Now, you'll know exactly where to eat, says Pavan Lall.
What do you get when a private equity investor, a culinary journalist and an award-winning Indian chef with two Michelin stars come together over a venture?
Well, it's India's very own version of Michelin Star rankings for Indian chefs.
Everstone Group's co-founder and chief executive Sameer Sain, a huge fan of Indian food, founded Culinary Culture, which aims to provide authoritative rankings to restaurants and chefs through Foodstars -- the Indian equivalent of Michelin Rankings.
Michelin Guides are a series of books that have been published by the French tyre firm for several decades and gives awards by star ratings from one to a maximum of three.
The gain or loss of a star can lead to a significant impact on the success of a restaurant in Europe and the international markets.
"Indian food isn't mainstream yet. Italian cuisine and even Japanese and Peruvian food are. You don't see Indian food around the world. This is an initiative that will hopefully change that," said Sain. "The three biggest things in India are actually cricket, Bollywood and food."
He said the initial funding would be around $5 million and that the Foodstar rankings, expected to come out in the near future, are a professional purist ranking.
These rankings will not be influenced by ads, votes or democratic populism.
Sain, whose Everstone Group has funded and backed Burger King in India, said the rankings and the processes were created after studying how the Grammy Awards and the Oscars were nominated and compiled.
The rankings will be determined by professionals who understand the trade and include chef Gaggan Anand, who will serve as mentor for Culinary Culture.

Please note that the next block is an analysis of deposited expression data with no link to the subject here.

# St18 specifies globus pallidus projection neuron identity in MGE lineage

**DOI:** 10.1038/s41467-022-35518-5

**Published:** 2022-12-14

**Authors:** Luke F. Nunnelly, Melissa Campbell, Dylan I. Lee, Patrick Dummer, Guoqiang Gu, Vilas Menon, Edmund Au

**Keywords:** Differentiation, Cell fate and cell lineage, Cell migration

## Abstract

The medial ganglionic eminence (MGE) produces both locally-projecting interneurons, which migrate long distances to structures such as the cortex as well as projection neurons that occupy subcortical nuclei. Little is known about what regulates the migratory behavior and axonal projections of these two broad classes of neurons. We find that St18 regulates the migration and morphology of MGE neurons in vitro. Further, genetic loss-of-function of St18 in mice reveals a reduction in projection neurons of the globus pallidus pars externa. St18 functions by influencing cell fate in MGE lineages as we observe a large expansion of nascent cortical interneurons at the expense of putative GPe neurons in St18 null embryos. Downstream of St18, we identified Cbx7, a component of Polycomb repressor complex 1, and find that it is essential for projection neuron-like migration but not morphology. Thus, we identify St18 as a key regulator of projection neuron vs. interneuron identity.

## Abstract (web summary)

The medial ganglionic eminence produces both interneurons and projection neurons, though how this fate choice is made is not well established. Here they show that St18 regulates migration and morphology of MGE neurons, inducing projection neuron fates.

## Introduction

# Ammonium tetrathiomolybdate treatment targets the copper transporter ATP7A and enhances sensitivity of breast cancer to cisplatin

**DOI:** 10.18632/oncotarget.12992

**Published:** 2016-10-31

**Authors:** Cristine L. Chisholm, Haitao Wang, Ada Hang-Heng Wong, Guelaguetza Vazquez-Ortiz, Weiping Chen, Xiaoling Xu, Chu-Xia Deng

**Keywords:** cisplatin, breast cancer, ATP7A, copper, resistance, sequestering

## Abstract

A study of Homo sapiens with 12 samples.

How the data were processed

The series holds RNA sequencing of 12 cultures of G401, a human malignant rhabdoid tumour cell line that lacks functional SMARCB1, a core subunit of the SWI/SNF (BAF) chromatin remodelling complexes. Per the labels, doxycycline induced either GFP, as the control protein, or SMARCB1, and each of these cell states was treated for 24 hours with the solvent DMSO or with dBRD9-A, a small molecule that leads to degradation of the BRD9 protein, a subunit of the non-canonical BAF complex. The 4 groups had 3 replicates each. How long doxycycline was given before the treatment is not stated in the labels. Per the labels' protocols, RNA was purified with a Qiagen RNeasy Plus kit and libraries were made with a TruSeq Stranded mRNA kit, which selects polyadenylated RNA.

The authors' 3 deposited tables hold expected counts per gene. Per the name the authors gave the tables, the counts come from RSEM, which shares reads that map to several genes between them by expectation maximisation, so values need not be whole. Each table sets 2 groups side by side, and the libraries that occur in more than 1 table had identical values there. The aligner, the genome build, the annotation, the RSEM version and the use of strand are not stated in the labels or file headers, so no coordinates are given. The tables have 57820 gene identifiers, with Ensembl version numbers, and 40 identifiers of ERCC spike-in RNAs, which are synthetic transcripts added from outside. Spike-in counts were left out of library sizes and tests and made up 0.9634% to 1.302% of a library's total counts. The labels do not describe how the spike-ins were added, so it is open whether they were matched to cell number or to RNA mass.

Will the platform be partial to particular kinds of cuisine?
"We are not looking to promote chefs who are corporate bosses or chefs who are into reality shows," said Anand. "A chef is supposed to cook and the idea is to rank and promote the best of chefs who are true to their art no matter what they cook. I am a Kolkata boy but started training as a pastry chef."
Anand's point is that influences will vary across every chef's personal journey but what matters ultimately is how good the food tastes.
Culinary Culture will bring globally-ranked chefs to India as well as take local chefs abroad so they can work at world-ranked eateries.
Vir Sanghvi, executive chairman for the venture, said Foodstars, which will be awarded, will go through a rigorous process of evaluation from The Academy, a team of culinary 50 experts, food critics, and industry personalities as well as writers spread across 15 cities.
"Ultimately, it's all about good food but that doesn't mean it will be restricted to gourmet eateries or five-star joints," Sanghvi said.
"There are dhabbas and sidewalk restaurants that will also be part of the consideration."
Culinary Culture has also launched Street Food Superstars, an award for street food vendors.